The Pol


regarding the lack of comparison i noted above, i'm thinking a good way to test this is to brew 2 batches with the same (simple) grain bill. use only 1 type of hop. 1 batch would be brewed as a fairly standard beer with a bittering addition and aroma (finishing) addition, but leave out the flavor addition. the second would use FWH for the only hop addition and the amount would be adjusted to match the IBUs of the first beer. i think in this way we'd be able to assess the difference in perceived hop character without to much distraction. any comments on my method? i've been FWH'ing for a while now without putting too much thought into how it actually affects the hops.
But why would you want to use only one type of hops? As long as the recipe is exactly the same, all ingredient amounts are the same you would have the same taste test. Would it reall be that important to perform this in a recipe that only has one type of hops? Even if there were three different type the only thing that would change would be the time the hops is exposed to the wort.




Sources vary, but most testing indicates that first wort hopping will increase the number of International Bitterness Units (IBUs) by as much as 10%. Given the hop shortage I wrote about earlier, increased utilization is an added bonus. However, taste perception is different. In blind taste testing across a number of articles, the overall flavor of first wort hops is perceived as smoother, less sharp, and had a more pleasing aroma. Hop bitterness was perceived as harmonic and uniformly bitter. In blind taste tests, the FWH were preferred by 11 of 12 test subjects. (Ref: FWH, Brewery.org)

First wort hopping can be used both by all grain and partial mash brewers. As the FWH method originated in Germany, it has most often been associated with Pilsner beers, but other beer styles with complex hop flavor could benefit. Aromatic, noble and other low alpha hops are recommended, as high alpha hops may provide too sharp of an increase in bitterness.

The amount to hops to use varies. Most sources recommend using 30% of the overall hop schedule and moving it to FWH. Other sources recommend taking aromatic hops from the end of the boil and moving it forward to use as FWH. I have even experimented on my Wit beer with using FWH exclusively and had good results. My limited experience indicates that if you are looking for a smooth pilsner style hoppiness, moving a portion (30%) of the finishing hops forward is appropriate. If you want the hops to blend into the background of the beer for relatively low hop rates, you can consider moving a larger portion of your hop schedule forward. FWH in general will produce a more complex, blended hop flavor.

Calculating the FWH numerically is quite simple. In most cases an adjustment (10%) is added to the calculated bitterness in IBUs to account for the higher utilization of FWH methods. For BeerSmith users, there is a checkbox for first wort hops available as you add each hop addition, and BeerSmith will adjust the IBU calculation to account for the higher utilization. Despite the slightly higher IBUs of FWH, most authors do not recommend reducing the overall hop rate to compensate.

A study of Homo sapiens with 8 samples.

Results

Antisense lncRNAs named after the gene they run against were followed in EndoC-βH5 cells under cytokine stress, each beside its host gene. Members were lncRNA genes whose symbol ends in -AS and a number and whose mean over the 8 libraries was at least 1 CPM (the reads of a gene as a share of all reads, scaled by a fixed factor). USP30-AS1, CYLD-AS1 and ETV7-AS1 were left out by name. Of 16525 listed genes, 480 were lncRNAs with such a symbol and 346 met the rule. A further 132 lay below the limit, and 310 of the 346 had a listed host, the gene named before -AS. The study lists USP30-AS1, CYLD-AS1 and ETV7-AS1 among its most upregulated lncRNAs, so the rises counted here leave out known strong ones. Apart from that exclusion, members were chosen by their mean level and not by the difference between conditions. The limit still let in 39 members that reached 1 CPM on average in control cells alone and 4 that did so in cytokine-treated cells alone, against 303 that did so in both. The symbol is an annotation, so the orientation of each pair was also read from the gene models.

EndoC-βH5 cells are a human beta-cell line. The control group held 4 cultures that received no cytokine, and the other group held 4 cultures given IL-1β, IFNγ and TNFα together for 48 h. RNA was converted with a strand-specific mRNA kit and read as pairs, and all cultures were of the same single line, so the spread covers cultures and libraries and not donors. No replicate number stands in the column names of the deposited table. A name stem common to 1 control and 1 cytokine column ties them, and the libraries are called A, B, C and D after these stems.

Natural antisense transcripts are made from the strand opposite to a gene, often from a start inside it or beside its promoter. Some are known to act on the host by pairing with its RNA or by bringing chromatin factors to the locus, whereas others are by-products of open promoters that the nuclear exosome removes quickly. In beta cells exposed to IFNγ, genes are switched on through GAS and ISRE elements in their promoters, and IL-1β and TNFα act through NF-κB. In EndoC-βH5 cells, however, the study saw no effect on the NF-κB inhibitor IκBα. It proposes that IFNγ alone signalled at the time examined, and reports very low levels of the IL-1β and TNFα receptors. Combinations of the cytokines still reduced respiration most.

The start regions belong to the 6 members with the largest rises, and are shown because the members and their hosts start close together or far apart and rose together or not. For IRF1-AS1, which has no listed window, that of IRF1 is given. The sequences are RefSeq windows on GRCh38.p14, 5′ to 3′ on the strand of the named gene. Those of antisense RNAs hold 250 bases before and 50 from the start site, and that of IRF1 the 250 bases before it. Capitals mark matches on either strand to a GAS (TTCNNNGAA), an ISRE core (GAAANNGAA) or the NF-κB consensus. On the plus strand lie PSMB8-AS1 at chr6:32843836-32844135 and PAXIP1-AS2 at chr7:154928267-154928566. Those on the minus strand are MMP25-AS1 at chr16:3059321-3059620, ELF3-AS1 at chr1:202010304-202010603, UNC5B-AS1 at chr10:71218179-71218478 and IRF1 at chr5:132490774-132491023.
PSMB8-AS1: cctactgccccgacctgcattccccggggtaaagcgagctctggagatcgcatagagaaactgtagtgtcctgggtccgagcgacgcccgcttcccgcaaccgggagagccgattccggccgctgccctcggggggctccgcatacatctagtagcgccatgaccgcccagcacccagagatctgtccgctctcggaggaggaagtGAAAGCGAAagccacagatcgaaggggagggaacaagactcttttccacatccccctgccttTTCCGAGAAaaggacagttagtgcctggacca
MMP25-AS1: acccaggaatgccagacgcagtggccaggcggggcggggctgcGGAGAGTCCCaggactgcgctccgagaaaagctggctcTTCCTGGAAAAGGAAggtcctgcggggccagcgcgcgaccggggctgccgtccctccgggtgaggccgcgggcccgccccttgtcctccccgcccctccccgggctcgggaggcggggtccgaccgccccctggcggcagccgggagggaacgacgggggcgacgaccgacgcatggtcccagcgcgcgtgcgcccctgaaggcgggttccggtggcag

Overall, I have been very pleased with the effect first wort hopping has had on my beers. I have taken to using it on a larger variety of beer styles recently with good results. FWH seems to produce a more complex, pleasing and harmonic hop flavor and aroma that beer drinkers find pleasing.


Dude you are the Man! I found the check box your were talking about. By taking the Simcoe to FWH this recipe is raised from 64.8 to 84.4 without any other changes.

1.00 ozCentennial [10.00 %] (60 min)Hops30.6 IBU
1.00 ozCascade [5.50 %] (20 min)Hops10.2 IBU
1.00 ozSimcoe [13.00 %] (20 min)Hops24.1 IBU

I might try this later on in my experiment. I have an APA that I have been tweeking here and there. I added the Cascade to the recipe for this step in my experiment. I attempting to make my own APA by modifying a recipe that was given to me.

1.00 ozCentennial [10.00 %] (60 min)Hops30.6 IBU
1.00 ozCascade [5.50 %] (20 min)Hops10.2 IBU
1.00 ozSimcoe [13.00 %] (20 min)Hops24.1 IBU

I might try this later on in my experiment. I have an APA that I have been tweeking here and there. I added the Cascade to the recipe for this step in my experiment. I attempting to make my own APA by modifying a recipe that was given to me.
Careful with the Simcoe... Maybe move up the Cascade instead per this article and others I have read. If you want to increase the IBUs that much without adding extra hops, FWH with the Cascade and move the Simcoe ahead from 20 mins to something that will extract more IBUs.

"Aromatic, noble and other low alpha hops are recommended, as high alpha hops may provide too sharp of an increase in bitterness."

This is why they advocate moving up the flavor/aroma hops from the later additions, because they are typically a lower AA hop.